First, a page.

May 17, 1926. As McArdle rode his mare out through the morning fog, he turned his eyes away from his well defined and self-sufficient farm and looked inward, instead, to the places were there were still mysteries.
McArdle’s lids were closed as he allowed the mare to amble slowly that particular late-autumn morning, but his eyes were very much awake.
They were searching inside his mind, darting left and right, spinning in their sockets, seeking out the hotspots of emotion, the green and verdant ideas, even the dark places furthest hidden where waited the angry jealousies of which he was most ashamed.
To his left, darkness oozed and crept and whispered through the time-forgotten bush, a thousand rustling Somethings still clinging to night while the day yawned and stretched.
Straight ahead, yellow light glowing in the windows of the manager’s house, warm with Mrs Anderson’s breakfast sizzling on the stove.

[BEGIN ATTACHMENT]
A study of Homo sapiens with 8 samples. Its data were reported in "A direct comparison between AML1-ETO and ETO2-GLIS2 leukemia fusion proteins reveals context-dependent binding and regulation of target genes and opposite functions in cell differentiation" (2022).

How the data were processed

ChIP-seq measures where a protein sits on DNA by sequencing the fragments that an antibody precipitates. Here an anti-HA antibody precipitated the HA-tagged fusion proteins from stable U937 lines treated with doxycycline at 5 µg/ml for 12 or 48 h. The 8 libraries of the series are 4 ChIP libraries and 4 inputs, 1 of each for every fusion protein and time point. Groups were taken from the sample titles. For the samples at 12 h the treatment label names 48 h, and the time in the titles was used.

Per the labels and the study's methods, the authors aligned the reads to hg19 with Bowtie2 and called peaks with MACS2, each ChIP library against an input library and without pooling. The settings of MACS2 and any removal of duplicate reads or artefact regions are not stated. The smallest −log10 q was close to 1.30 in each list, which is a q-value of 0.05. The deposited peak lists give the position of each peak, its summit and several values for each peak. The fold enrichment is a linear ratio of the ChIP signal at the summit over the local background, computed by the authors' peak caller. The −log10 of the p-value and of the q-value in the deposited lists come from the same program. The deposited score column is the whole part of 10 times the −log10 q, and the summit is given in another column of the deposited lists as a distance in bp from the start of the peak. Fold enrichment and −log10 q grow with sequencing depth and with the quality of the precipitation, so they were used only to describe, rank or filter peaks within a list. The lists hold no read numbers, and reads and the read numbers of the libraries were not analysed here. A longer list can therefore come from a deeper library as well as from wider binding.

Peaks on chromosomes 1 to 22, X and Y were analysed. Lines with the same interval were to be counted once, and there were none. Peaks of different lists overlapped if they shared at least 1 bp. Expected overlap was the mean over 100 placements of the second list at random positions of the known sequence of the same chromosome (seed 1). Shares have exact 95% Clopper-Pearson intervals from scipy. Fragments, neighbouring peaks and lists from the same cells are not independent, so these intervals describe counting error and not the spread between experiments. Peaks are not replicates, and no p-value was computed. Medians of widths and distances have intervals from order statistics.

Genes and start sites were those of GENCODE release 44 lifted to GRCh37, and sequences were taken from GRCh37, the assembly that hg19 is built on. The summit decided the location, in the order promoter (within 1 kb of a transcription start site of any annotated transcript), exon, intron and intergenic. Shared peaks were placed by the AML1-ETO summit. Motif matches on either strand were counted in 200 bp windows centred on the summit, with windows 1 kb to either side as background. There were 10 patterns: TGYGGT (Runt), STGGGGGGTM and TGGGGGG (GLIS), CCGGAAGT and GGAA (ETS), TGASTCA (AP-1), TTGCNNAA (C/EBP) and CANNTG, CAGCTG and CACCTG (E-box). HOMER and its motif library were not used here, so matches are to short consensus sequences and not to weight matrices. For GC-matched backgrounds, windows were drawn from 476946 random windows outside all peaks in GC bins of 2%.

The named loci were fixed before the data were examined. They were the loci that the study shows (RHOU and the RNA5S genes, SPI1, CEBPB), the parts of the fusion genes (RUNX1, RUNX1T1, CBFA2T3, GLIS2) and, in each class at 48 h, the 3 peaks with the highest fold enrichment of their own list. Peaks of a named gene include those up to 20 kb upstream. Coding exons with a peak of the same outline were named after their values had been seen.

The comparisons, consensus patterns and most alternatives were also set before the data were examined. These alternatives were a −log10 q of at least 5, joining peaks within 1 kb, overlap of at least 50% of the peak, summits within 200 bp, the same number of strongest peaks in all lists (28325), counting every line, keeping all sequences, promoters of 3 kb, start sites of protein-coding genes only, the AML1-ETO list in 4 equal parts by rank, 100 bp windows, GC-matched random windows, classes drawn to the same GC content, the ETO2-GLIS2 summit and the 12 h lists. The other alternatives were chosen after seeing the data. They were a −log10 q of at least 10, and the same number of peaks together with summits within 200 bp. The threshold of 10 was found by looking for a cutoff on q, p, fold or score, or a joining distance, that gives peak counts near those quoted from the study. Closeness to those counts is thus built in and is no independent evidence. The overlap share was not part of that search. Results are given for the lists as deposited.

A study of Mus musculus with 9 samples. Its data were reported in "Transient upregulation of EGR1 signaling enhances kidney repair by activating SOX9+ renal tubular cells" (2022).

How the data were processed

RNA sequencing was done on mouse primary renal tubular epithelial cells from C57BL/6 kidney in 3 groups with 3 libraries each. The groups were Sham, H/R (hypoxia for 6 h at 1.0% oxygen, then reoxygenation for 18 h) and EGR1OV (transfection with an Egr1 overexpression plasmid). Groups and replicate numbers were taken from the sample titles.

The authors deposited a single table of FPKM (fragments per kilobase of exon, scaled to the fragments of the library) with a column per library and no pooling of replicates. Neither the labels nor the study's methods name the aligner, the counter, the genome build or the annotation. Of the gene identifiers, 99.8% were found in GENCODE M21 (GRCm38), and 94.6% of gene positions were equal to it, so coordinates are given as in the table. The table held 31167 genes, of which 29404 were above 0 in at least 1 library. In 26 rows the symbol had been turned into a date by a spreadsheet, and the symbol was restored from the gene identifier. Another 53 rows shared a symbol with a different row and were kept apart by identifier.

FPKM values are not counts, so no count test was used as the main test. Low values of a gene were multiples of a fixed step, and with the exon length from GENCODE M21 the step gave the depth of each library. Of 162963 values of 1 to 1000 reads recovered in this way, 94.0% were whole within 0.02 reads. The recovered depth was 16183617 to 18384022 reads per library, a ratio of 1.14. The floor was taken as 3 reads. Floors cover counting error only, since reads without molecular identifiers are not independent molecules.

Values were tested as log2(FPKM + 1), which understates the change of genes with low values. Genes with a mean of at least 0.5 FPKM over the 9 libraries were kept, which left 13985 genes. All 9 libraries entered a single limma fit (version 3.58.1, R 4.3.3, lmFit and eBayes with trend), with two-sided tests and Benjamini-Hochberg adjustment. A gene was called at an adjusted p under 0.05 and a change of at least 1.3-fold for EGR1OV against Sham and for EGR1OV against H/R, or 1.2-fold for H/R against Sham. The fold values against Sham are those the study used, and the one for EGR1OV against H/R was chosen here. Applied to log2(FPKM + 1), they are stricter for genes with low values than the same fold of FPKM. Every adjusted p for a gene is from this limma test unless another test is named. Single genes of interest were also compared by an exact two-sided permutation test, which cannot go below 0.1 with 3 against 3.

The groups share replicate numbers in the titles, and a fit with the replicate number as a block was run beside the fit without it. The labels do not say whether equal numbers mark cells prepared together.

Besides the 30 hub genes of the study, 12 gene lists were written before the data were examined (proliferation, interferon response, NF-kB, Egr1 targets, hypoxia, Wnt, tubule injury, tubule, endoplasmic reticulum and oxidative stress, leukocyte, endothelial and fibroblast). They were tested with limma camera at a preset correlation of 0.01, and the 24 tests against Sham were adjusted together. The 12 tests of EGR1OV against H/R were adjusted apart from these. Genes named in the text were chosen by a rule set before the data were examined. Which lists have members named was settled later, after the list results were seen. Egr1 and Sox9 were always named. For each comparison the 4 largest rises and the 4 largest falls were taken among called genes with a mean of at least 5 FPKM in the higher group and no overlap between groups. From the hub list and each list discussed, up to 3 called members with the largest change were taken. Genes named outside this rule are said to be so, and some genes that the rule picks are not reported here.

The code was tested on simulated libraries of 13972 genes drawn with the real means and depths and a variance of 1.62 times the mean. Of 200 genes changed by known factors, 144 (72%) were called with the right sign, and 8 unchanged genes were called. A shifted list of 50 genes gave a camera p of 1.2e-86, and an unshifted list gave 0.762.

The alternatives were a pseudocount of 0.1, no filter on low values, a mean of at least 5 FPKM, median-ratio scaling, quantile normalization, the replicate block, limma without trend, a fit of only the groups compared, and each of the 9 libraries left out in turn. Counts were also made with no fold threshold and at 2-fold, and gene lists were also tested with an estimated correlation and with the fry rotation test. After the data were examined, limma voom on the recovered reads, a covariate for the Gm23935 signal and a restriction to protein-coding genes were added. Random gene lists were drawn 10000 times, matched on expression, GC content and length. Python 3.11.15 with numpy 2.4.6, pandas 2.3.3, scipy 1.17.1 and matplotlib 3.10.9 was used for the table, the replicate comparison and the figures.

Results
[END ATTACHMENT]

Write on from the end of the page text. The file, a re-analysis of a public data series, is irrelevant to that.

But inside and behind, mysteries. A vast and shadow-filled landscape-of-the-mind that, if ever it were unfolded, would spread and smother the breadth of this continent in its arteries and thoughts, as well as half of Antarctica and a goodly portion of Asia, then stretch and extend its eastern edges, slowly, island by island, towards the shores of Argentina.
Eventually, if left to its own devices, McArdle’s mind turned inside out would wrap itself over the entire globe. All its edges would meet and merge and smother the land until nothing of Earth would appear as it once was.
Space travellers would find in their journeys through our galaxy not a blue planet but a red-and-purple one, filled with blood and a visible pulse, electric thoughts sparking emotions and ideas across the surface with such startling frequency and force that our world would appear beset by deadly and impregnable storms.
Text: McArdle’s Mind, a fragment from a story I’ve been writing about a man who gets so lost in the world of his own thoughts that he becomes trapped, unable to return to the ‘physical’ world of action and community and time.
Images: gorgeous, ghostly bush photos by Irene Suchocki of Eye Poetry, who kindly gave me permission to use them here. Irene’s blog is linked above, and you can buy the stunning photographs at her print shop.